Intro to Programming

An Intro

Coding has become a basic requisite today, even if you are a designer or an artist, having the ability to code means that you can exponentially increase the number of projects you can build as well as communicate through new media. In this course, the class was split up into two, one part focussed on beginner friendly platforms like P5 whereas the other part focussed on platforms like processing, ableton live, MIDI, intelliJ and a bunch of other libraries. The theme behind this one week course was creating music through coding and above all the objective was to familiarise everyone with the coding environment.

Dennis Paul and Jacob Remin

Our Teachers

Dennis Paul and Jacob Remin were our teachers for this week who focussed on processing and other tools. Dennis is a new media artist and interaction designer from Bremen and holds a professorship for Interaktion und Raum in the Digitale Medien Program at Hochschule für Künste Bremen. He has a rich experience in generative design and on creating captivating installations for public spaces. This is one of his most popular works "An Instrument for the Sonification of Everyday Things":

Jacob is an artist and curator from Copenhagen and is part of the critical new media collective called Science Friction. Some of his latest works that opens up technology for intrepratation through an artistic medium can be seen here. He is also an alumni of CIID, from the pilot year of 2008.

Joshua Noble and Annelie Berner

Moreover, Joshua Noble and Annelie Berner were the teachers who were guiding the second half of the class on P5. Joshua Noble is a developer, designer, teacher, and daydreamer based in Portland, Oregon and Copenhagen, Denmark and is the author of Programming Interactivity: A Designer’s Guide to Processing, Arduino, and openFrameworks. He is also an alumni of CIID, from the year 2011.

Annelie Berner is a data artist, designer and technologist. She is interested in how to understand, think about, and interact with our digital worlds. Specially, how we can make data experiences that are aesthetic, tangible and consider all of our senses – from sight to taste. Annelie graduated from New York University’s Interactive Telecommunications Program (ITP) and studied Government and Visual and Environmental Studies at Harvard. She is currently part of CIID's research team.


This class had a lot to offer for me, starting from getting familiarised with the expert IDE: intelliJ for processing, to even integrating an arduino to a music composition software like ableton live. We start the class everyday with a 30 minute listening session, where Jacob plays some music for inspiration, these were anything from ASMR recordings to 8-bit music. Some of the topics we were able to play around with this week were:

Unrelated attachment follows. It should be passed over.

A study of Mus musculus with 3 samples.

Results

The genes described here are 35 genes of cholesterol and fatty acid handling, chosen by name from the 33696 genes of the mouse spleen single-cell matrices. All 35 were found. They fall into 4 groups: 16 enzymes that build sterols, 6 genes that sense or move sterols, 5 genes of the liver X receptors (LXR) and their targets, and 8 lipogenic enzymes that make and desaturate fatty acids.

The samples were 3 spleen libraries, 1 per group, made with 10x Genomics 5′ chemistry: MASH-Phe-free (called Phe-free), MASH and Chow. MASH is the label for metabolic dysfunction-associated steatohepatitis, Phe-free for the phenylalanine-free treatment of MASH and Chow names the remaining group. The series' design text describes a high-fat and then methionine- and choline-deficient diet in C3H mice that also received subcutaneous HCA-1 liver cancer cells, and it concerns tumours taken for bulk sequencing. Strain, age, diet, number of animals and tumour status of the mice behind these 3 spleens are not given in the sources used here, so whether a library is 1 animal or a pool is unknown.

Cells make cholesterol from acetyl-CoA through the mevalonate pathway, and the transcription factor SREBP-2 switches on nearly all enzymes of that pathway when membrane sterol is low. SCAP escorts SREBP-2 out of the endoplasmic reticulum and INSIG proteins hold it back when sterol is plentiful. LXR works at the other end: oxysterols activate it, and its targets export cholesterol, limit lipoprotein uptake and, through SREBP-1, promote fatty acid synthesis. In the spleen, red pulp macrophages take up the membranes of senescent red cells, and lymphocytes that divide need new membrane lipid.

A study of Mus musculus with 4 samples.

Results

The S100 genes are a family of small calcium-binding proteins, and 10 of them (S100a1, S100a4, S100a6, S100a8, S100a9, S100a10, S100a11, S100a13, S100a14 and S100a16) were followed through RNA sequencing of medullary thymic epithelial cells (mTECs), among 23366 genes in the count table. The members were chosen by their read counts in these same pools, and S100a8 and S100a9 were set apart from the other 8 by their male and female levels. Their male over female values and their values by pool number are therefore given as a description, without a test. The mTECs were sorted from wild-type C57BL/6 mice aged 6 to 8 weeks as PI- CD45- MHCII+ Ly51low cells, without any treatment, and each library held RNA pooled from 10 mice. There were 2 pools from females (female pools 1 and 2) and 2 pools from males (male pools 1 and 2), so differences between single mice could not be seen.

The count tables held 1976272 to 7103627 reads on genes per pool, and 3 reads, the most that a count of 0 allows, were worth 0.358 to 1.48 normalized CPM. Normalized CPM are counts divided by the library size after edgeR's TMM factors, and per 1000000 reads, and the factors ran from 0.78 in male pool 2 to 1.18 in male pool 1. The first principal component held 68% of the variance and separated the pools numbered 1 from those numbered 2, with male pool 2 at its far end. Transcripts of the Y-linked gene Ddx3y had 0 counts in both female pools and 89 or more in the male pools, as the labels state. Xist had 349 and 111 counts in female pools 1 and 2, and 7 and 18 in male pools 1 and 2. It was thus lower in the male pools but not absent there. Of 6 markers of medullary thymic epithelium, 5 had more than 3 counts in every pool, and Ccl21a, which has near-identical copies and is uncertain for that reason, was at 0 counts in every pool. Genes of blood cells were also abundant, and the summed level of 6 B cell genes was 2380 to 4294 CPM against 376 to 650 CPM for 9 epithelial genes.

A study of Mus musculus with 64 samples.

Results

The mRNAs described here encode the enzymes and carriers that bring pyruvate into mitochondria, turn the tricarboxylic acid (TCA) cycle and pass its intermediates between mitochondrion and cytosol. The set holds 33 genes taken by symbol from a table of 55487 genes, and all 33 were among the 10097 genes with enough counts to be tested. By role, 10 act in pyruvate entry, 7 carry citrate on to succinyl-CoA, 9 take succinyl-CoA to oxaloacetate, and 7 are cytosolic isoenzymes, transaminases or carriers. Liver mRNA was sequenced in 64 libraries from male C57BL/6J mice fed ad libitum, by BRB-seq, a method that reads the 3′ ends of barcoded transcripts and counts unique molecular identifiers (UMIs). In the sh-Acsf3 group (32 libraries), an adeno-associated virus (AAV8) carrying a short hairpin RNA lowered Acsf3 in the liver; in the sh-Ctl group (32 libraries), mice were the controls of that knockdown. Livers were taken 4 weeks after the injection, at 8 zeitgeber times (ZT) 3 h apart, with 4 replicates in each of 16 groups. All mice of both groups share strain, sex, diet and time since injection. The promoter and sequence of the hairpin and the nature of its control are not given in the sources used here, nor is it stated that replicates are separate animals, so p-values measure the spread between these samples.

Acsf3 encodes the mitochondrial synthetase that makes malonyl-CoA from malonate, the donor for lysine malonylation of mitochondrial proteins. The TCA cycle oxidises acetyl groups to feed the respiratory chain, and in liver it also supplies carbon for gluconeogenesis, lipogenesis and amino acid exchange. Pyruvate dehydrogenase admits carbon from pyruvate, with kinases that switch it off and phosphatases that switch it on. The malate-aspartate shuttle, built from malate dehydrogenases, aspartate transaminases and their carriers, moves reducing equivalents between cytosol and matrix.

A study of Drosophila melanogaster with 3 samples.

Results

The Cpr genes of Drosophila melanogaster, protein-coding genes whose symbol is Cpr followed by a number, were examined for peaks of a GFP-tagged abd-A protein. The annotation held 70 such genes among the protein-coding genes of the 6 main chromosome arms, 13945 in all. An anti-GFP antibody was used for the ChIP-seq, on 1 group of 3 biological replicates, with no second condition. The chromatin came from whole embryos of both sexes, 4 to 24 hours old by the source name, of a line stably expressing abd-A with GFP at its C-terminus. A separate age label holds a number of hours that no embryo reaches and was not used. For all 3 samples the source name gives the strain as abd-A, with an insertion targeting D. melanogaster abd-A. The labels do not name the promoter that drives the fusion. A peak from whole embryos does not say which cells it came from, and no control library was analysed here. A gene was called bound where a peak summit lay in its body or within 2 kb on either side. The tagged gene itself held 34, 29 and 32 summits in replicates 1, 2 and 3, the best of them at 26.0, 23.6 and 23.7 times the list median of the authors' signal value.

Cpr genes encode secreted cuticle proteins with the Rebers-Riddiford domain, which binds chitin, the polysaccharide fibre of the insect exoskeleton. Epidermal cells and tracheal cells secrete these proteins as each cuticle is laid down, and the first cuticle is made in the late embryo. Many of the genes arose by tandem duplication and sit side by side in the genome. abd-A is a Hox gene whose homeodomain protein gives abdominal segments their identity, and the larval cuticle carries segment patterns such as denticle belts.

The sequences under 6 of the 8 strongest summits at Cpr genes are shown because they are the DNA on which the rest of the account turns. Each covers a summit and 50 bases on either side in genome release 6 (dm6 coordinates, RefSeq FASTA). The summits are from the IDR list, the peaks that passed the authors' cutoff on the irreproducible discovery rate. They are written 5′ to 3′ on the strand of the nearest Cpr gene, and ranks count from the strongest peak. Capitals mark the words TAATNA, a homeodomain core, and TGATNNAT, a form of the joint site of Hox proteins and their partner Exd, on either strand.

1. Getting familiar with intelliJ IDE.
  2. Basics of Processing.
  3. Processing libraries for sound creation, particle physics and network communication.
  4. Ableton live music composition software.
  5. MIDI and OSC protocols.

Moreover, our objective for the week was to build a klangmaschine (german for sound machine), in other words to create music through coding. Throughout the week we explored building sound systems that integrated with the particle physics libraries in processing and furthermore used MIDI from processing to control instruments in Ableton live.


PerSong: Bora Kim, Ine-Charlotte Asakskogen, Arvind Sanjeev

PerSong is a project that tries to create music through collaboration. The system works by taking text inputs from users and putting them into different rhythms whose parameters can be varied. Two people can use this system to create a soundtrack together. Here, the first person enters text through the GUI whereas the second person can control the background track or rhythm. The inputs from them are then processed through a third system which produces the audio.

The input systems consist of two programs running on P5 whereas the third system which processes the inputs run a processing sketch. All the computers are connected on a local network to allow this communication. The third computer accepts the text input and uses a text to speech synthesiser to make it audible. The same process happens for the slider input, it accepts the values and controls the soundtrack playing in the background through the Ableton Live software. MIDI protocol is used for communication between processing and Ableton Live.


A peek from the Friday exhibition:


Some more experimental projects from the class:

SublimiLoop: Can Yanardag, James Zhou


Psychedelic Drum Machine: Clara Subirats, Esther Bretschneider


Jazz Piano: Vytautas Gudaitis, Jens Obel

More projects from this class can be seen here: Intro to Programming.

This is just a short intro to my life at CIID, I will be publishing more posts on the different topics we learn as well as the projects we do through this blog. Furthermore, all the credits to the media content for this blog goes to the IDP class of 2017.